Let's explore the humble beginnings of everyone's favorite Uncle, and least favorite father figure, Lucien LaCroix.
The place: Pompeii. The year: 79 AD. Having recently returned from a victorious battle, the most powerful general in the Emperor's army celebrates with a party where he shows off a bust made in his likeness and laughingly admits to putting out the eyes of the artist who created it. The telling of the rest of his devious exploits is interrupted when the General's mistress, Seline enters the room and greets her mate for the first time since his return. Their relationship is obviously strained but they manage to be cordial in front of the guests.
When Lucius inquires about their daughter, Seline tells him that young Divia had been very ill but an ancient healer sent by the gods came and restored her health. Not wanting to spend any more time with him, Seline hurries off to entertain her guests. As Lucius ponders their shaky relationship, he's approached by the Proconsul who has a few words for him concerning his daughter. He tells him that something isn't right about Divia. "She's pale and silent," he utters to the General. "She never plays in the sunlight; there's a menace to her."
The Proconsul's observations are cut short when the person he speaks of makes an appearance. Lucius calls to his daughter, extending his arms for her to embrace him. Divia ignores the gesture and with a devilish smile, silently retreats back into the darkness from whence she came, leaving her father somewhat forlorned by the rejection.
While sleeping off the effects of too much partying, Lucius is startled awake by Divia, who questions him on the rumor that he ordered his men to rape the women of his vanquished enemy, the Gauls. He explains that it was to crush his enemy and reward his men. "I must get my vicious streak from you," Divia muses. She then casually mentions that she's going to live forever and asks her father if he would like to do the same. At that moment, an earth tremor begins to rock the palace and the Proconsul rushes in with a warning about Mt. Vesuvius erupting. He tries in vain to get the General to vacate the palace immediately.
Lucius refuses to believe that the gods can destroy him, but as the building shakes violently and everything begins to collapse around him, he drops to his knees in defeat. His daughter approaches and tells him that death can be cheated. With glowing eyes and fangs extended, Divia asks her father to choose. "Live or die. What is your decision?" "To live, Divia," he responds annoyed, not knowing what she has in mind. "To live!" With that, his daughter sinks her fangs painfully into his neck, thus beginning his life as a vampire.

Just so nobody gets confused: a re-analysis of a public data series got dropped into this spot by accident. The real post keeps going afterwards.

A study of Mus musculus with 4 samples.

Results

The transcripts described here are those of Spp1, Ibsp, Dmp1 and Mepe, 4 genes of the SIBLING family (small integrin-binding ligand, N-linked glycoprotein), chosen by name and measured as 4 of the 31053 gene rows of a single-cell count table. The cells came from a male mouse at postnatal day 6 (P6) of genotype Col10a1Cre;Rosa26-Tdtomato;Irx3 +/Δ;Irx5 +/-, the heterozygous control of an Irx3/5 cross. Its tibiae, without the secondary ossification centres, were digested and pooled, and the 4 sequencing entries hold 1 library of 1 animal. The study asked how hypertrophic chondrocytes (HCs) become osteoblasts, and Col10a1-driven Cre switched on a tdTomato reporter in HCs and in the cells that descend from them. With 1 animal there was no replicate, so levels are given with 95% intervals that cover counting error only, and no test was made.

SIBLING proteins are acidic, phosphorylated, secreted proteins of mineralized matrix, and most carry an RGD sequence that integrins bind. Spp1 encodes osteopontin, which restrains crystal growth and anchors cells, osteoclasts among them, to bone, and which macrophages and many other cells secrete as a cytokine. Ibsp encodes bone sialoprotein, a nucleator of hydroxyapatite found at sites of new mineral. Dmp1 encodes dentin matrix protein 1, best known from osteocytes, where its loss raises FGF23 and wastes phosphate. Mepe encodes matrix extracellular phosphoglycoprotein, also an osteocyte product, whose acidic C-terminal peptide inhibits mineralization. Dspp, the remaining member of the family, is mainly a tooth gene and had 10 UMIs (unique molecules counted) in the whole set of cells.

Twenty years after the eruption of Mt. Vesuvius and the destruction of Pompeii, Divia takes her father to an Egyptian tomb to visit the vampire that created her. She explains that he was the healer that came to her while she was ill, but that he had since been staked, scorched by the sun and his remains sealed in the sarcophagus. When she admits to being the one who killed the ancient vampire, Lucius becomes enraged. He scolds her for carelessly destroying someone who should have garnered her highest respect. Divia tells him that she did it because Carral wanted to control and harness her evil for his own purposes. She killed him to be free to live as she pleases.
Divia tells Lucius that they are free to do whatever they want, including killing as much as they want and loving whomever they choose. It just so happens that Divia chooses her own father to be her lover. When she request that Lucius make love to her, he is so sickened by the incestuous suggestion that he decides that his daughter is just too evil to live. Luckily, there's a razor sharp scythe in handy reach, which Lucius picks up and swings at his unsuspecting child, relieving her of all those naughty thoughts, along with her head. He then seals her remains in a sarcophagus, secure in the knowledge that his evil deed will remain a secret for all of eternity.